As these words are being written, an Israel-Gaza truce has been already achieved, after 48 hours of intensive fighting. The attack from Gaza — retaliation for an Israeli action against an Islamic Jihad leader — included over 300 rockets fired at Israeli communities near and far. Eighty Israelis were treated by medical emergency units, among them old and young, men, women and children. School was canceled for over 1 million children and workers were told to stay home. A “special situation” was declared.
In summer 2014, my family and I experienced Israel’s Operation Protective Edge. We lived, then, 40 kilometers from Gaza, and had a shelter built inside the house. If a warning siren sounded, we had exactly 60 seconds to get from wherever we were into the shelter. The residents of Hof Ashkelon have less than 30 seconds to do the same. It is extremely frightening to be in this situation. Sirens go off again and again, bombs explode above your head. You might be on the phone, in the restroom, or the shower. You might be just trying to put your child to bed, or picking them up from a routine after-school activity. Code Red is announced and all of a sudden you are in a different world.
One night, back during Protective Edge, I was sleeping when the siren went off. My daughter Alma was then 5 years old. She heard the siren and went to our bed. Her dad was already awake. I remember her trying to wake me up. She wouldn’t let me stay in bed when I should be inside the shelter. The fact that she had to take this responsibility hurts.
After this incident we decided to go north, take a break from this madness. After a short drive out of town we found ourselves lying in a ditch, beside the car, with a 5-year-old beneath me, looking up and seeing the Iron Dome missile defense system in action. I couldn’t stop thinking — my god, we are in the 21st century. I have all the technology in the world, I am healthy and self-sufficient. Why do I have my daughter experiencing war?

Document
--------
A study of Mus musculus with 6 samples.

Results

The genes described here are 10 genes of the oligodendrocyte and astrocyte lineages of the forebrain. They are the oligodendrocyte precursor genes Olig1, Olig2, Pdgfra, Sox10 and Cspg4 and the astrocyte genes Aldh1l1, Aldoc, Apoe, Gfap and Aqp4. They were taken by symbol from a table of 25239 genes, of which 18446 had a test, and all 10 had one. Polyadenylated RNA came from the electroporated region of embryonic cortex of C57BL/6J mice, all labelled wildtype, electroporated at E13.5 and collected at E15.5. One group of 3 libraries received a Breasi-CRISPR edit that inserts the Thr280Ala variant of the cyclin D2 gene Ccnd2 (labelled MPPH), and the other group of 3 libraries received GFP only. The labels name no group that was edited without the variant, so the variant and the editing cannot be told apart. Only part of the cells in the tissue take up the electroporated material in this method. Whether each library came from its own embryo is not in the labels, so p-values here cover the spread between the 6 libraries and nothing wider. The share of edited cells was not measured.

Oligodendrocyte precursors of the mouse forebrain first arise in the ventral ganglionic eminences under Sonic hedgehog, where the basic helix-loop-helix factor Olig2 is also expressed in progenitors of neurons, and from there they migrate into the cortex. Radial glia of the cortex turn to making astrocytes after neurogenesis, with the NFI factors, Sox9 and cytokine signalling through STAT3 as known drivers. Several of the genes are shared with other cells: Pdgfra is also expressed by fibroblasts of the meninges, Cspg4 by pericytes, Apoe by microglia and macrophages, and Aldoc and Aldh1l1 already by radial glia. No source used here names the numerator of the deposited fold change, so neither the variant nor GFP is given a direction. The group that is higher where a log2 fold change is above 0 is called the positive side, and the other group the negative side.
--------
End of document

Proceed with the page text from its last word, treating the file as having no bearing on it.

For those who live closer to the border, this is routine. My friend who lives in the Hof Ashkelon area once told me her child is a “missile child.” She was born into an ongoing fighting situation and is affected by this. Another friend from the area described an afternoon during which he could not find his daughter throughout the kibbutz, while sirens were going off and everyone else was already sheltered. He could not hold back the tears when he told me this.
In Ashkelon, a building this time received a direct hit. One Israeli woman died from her injuries; another worker was injured. In another place, an 8-year-old was rushed to the hospital with a heart attack. Thanks to Iron Dome, these were the only major physical injuries reported on the Israeli side. Most of the others were injured by falls running to a shelter, or were treated for shock.
Some 34 Palestinians, including children, died in Israeli airstrikes.
These few days of fighting will pass, and fade into the background. A new routine will begin. Organizations that specialize in mental health and assistance will continue to work with groups and individuals. Medications will be prescribed to help those who need them to overcome symptoms of stress and anxiety. Mothers and fathers will tell funny bedtime stories. People will go back to work. School will re-open. Teenagers will go back to the mall. At dinner, people will talk about politics, money, and TV shows.
Until the next time.
Inbal Shtivi is Tucson’s shlicha (Israeli emissary) and director of the Weintraub Israel Center.